Always-On Tasks Hang when Log Files exceed 10 chunks?


I've noticed a pattern - it seems like when I leave an always-on task running with verbose logging, it eventually hangs. The tasks page will still show it running, but the script is supposed to be giving outputs regularly and it isn't. When I clicked the log button to investigate, the log won't load. Going into the logging folder, I see that there are actually 10 logfiles chunks for this always-on tasks, split up.

This script has mysteriously stopped working twice before, and looking in this logging folder, I see that there were two other sets of logs that exceeded 10 chunks... and the timing lines up with around when the always-on task stopped working.

Is this some sort of a bug? Ideally I'd utilize less verbose logging now that I've got my script more debugged, and perhaps add a line in my code that clears old logs on some interval, but additionally it would be great to not have it crash at 10 logfile chunks.

There's also a good chance it's user error. ;-) Let me know if you've seen this before.

Logs rotate daily. Oldest ones are deleted. What code do you use to produce logs?

Sorry for the delay. It just happened again yesterday. The logs are being produced by a third party / open source library, I think it just is using a "print" command. I have some of my own logging set up using I think the library redirected the outputs of all logs to display on the console, which seems to be what is captured in the always on task logs.

You said that the oldest logs are deleted - I've not experienced this to be the case. Every time I click the log for an always-on task, it shows me every log since the always on task was initiated. These only reset when I delete the task and make a new one. Here's an example of what I see in the folder where all the logs are:

Logs w 10 files

The deleted log will be the log.9.gz one -- we move the .log one to .log.1, then compress the old .log.1 and move it to .log.2.gz, and so on upwards.

Is it possible that the logging is continuing to the .log.1 file? Depending on how files are opened and closed, I can imagine that under some circumstances it might do that.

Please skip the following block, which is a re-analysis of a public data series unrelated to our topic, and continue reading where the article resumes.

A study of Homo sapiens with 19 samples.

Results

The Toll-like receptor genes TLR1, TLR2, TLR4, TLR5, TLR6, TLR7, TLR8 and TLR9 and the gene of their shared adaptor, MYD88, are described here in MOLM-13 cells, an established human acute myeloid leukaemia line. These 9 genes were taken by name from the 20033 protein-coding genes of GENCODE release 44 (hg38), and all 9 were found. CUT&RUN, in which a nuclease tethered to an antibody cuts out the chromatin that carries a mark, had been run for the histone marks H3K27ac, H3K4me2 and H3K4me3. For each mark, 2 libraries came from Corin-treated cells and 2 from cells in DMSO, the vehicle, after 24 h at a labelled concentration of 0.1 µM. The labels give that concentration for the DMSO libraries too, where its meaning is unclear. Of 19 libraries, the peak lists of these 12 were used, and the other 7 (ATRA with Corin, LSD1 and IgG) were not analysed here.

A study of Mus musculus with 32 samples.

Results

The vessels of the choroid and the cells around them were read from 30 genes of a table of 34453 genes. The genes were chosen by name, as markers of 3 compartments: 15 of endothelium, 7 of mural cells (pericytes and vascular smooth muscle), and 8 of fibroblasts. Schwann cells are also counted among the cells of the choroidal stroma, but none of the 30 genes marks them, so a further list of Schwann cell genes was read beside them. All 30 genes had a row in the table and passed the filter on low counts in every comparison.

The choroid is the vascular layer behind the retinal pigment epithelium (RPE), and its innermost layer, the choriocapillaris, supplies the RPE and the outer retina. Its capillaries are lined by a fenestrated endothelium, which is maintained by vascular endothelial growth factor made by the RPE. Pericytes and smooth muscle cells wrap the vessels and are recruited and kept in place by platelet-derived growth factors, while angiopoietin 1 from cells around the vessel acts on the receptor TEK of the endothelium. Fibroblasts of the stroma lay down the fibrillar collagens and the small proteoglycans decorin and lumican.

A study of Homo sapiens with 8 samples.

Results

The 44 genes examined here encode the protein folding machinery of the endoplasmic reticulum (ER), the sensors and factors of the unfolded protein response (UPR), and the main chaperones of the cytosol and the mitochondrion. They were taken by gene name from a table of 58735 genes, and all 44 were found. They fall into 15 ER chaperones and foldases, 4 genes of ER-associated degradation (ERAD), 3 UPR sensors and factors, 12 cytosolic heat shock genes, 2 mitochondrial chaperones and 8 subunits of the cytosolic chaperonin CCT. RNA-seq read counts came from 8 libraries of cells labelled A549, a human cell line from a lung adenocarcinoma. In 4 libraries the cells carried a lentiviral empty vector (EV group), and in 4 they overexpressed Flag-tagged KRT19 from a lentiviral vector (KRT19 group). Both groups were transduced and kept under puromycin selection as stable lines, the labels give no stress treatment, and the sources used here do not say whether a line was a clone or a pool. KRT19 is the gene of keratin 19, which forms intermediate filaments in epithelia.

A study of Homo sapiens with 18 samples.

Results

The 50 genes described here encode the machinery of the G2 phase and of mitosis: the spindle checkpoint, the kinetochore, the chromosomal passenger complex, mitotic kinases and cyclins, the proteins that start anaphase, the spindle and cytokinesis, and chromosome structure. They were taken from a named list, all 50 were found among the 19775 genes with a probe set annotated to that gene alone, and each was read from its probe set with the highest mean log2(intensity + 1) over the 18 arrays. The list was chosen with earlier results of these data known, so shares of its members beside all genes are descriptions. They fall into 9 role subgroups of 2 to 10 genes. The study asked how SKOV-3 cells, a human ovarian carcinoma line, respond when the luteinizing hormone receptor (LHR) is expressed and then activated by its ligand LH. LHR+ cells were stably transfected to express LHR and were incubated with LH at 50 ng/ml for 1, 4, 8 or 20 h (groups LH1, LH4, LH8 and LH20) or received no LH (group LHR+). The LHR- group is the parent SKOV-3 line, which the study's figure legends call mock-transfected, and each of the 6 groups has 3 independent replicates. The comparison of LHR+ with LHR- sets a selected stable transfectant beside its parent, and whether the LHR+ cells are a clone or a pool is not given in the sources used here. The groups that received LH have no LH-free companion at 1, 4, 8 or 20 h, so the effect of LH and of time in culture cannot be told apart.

Another possibility is that the third-party logging you're using is just using print statements without the flush=True kwarg -- if that happens then it would still be running and logging, but the log messages would only be written to the disk when Python's internal buffers filled up, which happens (IIRC) after about 1KiB has been written.

Giles, are you saying that anything exceeding Log.9 gets deleted, or that the system should continue to make and compress log files continually, i.e. log.10, log11, etc?

If the latter, I can find no examples, and in fact the always on task seems to hang once it hits log.9.

It doesn't seem like logging is continuing on Log.1 - I see for example, all entries from July 3, then Log 2 has July 2, Log 3 has July 1....

I'll go and examine the library and see what I find for the method it uses for logging.

Just as a hygiene thing I'm going to try to suppress the logging back to the minimum, which will also help.

I looked into the source code. I see this related to logging:

import logging
logger = logging.getLogger(__name__)

and generally when it logs stuff it uses:

Having trouble locating whatever it is referring to as __name__.

My experience with the logging library you set it at some point with logging.basicConfig(). I have mine set like this:

logging.basicConfig(format='%(asctime)s %(message)s',filename='verbose.log',level='INFO')

I want it to print into that verbose.log file but wherever that open-source library is, it seems to redirect it to the console and it prints in the always-on logs instead of my verbose.log file.

There should never be a log file with a filename larger than .log.9.gz -- if you check out your screenshot earlier, you'll see that that is where it stops. Essentially we have a system that runs once a day, and does the renaming/compressing/deleting process that I described above.

Hey - sorry for the delay over here. Seems like the logs are acting the way you are describing.

That makes me think that perhaps there's an issue with my process - after a certain number of days, it hangs and doesn't restart. (which correlates with but isn't necessarily causally related to having ten log files)

Is there anything I should be aware of for long-running tasks on pythonanywhere? Pitfalls you've seen before? I'm sure I can find some general guidance on a forum somewhere, but anything particular to your platform?

My process consists of two scripts: a "Listener" that logs incoming messages from telegram and registers them in a PostgresSQL DB, and a "worker" that works through that DB, modifying and reposting these signals. Both scripts I intend to run perpetually as "always-on" tasks.

Back again. Did some research on some forums (best one was here) and read that I should check into Memory Usage.

Looking on the pythonanywhere forum here, I'm seeing there isn't currently a good way to track this data. Is it possible for one of your staff to see my historic memory consumption? Particularly, does it seem to grow steadily over time and then reset whenever I restart my always-on tasks?

You can use psutil to get the memory used by your process: The important metric in that is RSS - if your RSS use goes above 3G,, the process will be killed.

Another possibility that could be causing issues is that your "Listener" may be losing its connection to telegram, so it doesn't get any messages and just sits waiting. That could appear as a task that is not running. Have you got code in your task that ensures the connection is working?